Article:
NTSB Reports On 2019 Krotz Springs Allision
The National Transportation Safety Board (NTSB) released a Marine Accident Brief (MAB) April 14 detailing an April 24, 2019, allision between Terral River Service’s mv. Edna T. Gattle and the Union Pacific railway bridge on the Atchafalaya River near Krotz Springs, La.
The incident occurred shortly before midnight as the Edna T. Gattle was pushing a single barge downriver on the Atchafalaya. The bridge is located at Mile 41.5 on the river. According to the NTSB, both the vessel and barge made contact with the bridge and piers, resulting in more than $26,000 in damage to the barge and about $500,000 in damage to the bridge. The bridge was out of service for three days.
Around 6:40 p.m. on April 24, the Edna T. Gattle, with a captain, relief captain and four deckhands on board, departed Terral’s facility in Lessworth, La., and picked up a spud barge, the Terral 2, a little later. The spud barge, which had an excavator on deck, had an air draft of 45 feet, which necessitated the opening of the railway bridge. According to the NTSB, the captain first radioed the bridge tender just after 11 p.m. that night to request the bridge be opened, but the reception was poor. He called again about a mile later, or about 3.3 miles from the bridge, when reception improved. At that time, the tow was moving at about 15 mph.
“The bridge tender told the captain that he had to call his dispatcher for permission; the dispatcher would assess how the opening affected the train schedule,” the NTSB report said.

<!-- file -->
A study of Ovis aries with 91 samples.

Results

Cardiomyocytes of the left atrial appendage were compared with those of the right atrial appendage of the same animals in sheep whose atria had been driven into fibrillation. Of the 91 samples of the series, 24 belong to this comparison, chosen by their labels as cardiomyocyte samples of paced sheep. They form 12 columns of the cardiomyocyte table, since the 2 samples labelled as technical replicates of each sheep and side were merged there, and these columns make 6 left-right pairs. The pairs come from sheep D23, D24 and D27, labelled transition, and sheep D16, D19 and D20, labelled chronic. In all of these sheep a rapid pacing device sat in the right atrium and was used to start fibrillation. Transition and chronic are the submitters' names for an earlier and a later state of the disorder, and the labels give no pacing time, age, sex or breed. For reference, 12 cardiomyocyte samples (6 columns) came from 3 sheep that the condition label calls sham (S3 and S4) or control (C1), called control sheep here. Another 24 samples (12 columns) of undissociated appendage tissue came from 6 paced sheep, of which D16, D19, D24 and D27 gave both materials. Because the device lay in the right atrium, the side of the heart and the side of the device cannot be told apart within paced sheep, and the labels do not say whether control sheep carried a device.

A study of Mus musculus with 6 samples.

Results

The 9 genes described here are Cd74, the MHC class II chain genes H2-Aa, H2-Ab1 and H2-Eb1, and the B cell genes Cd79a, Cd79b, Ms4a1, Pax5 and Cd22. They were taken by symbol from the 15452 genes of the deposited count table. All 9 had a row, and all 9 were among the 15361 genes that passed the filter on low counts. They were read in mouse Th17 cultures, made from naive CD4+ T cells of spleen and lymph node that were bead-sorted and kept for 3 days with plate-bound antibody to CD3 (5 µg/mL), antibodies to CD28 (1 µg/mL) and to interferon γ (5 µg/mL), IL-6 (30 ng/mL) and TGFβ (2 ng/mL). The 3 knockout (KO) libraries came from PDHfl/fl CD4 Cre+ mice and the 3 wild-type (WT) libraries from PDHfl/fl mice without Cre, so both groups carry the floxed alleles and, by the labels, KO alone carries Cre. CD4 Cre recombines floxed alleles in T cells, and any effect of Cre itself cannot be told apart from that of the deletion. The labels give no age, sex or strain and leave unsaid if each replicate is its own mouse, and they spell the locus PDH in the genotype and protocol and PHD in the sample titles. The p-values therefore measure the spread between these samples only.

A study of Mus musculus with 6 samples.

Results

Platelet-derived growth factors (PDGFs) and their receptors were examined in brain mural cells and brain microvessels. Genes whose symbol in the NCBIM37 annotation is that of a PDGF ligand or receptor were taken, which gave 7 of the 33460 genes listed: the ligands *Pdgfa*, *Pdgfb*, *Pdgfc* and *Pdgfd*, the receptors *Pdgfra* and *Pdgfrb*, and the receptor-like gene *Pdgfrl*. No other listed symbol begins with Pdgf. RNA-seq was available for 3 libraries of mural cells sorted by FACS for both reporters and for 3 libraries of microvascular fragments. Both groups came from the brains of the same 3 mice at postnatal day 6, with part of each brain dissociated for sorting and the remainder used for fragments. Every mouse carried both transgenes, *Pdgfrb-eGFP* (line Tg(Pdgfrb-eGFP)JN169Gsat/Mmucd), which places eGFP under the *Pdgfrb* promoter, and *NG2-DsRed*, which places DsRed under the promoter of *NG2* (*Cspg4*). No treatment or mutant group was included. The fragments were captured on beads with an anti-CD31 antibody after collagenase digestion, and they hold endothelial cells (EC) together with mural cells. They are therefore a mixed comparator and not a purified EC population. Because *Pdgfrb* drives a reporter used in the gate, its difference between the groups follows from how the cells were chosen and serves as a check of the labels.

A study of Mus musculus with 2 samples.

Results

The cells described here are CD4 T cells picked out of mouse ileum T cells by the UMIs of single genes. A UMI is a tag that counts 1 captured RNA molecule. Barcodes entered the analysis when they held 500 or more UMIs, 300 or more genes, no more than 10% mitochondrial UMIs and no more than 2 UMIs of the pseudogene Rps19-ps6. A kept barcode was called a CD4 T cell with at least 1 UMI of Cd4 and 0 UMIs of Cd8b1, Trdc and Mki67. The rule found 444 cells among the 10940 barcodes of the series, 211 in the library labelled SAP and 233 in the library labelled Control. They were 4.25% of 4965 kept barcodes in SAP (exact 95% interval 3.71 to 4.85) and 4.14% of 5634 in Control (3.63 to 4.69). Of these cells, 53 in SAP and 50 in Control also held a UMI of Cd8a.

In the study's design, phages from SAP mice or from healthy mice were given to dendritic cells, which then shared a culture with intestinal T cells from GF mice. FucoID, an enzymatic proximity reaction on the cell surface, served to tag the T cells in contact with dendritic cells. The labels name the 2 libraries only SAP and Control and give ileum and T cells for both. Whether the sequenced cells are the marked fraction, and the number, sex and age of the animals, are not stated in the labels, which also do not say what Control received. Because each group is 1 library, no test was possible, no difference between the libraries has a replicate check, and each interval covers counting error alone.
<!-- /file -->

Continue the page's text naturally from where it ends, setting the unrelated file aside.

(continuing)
By about 11:30 p.m., the Edna T. Gattle reached the U.S. 190 bridge about a half mile above the railroad bridge, which had not yet opened. At that point, the captain stated he throttled back. The captain called the bridge tender again at 11:30 p.m., who had still not received permission to open the bridge. The captain estimated the current at that location was moving at between 4.5 and 5 mph. According to the NTSB, the vessel had reduced speed to 1.8 mph at 11:36 p.m. and was backing upriver at 11:39. At 11:45 p.m., the bridge was fully open, and the Edna T. Gattle began its approach, but the vessel was set to starboard and had to take a steeper than normal angle on its approach. Three minutes later, the vessel and tow contacted the bridge moving at a speed over ground of 13.7 mph. The impact forced the bridge almost back to a closed position, according to the NTSB report.
The barge incurred damage and took on water. The bridge suffered damage to its western and eastern gears. A locking mechanism was also damaged, which prevented the bridge from closing.
“Trains were diverted north to Alexandria, La.,” the report said. “Temporary bridge repairs were completed by April 27, allowing trains to pass at a reduced speed.”
According to the NTSB, this was at least the fourth impact to the bridge in the past 10 years. The Marguerite L. Terral struck it in June 2017 and the Edna T. Gattle hit it in March 2014. Before that, a crane barge pushed by the mv. Lil Al Cenac struck the bridge in February 2010, which resulted in the towboat sinking.
The NTSB noted that, for the month prior to the incident, it would take the bridge tender an average of 9 minutes to obtain permission to open the bridge and an additional 9 minutes on average to open it. Prior to the incident in question, it took 27 minutes.
In its investigation into the incident, the NTSB determined that the probable cause of the allision “was the captain allowing the tow to proceed beyond a safe decision point without confirming the status of the bridge opening, given the high river current.”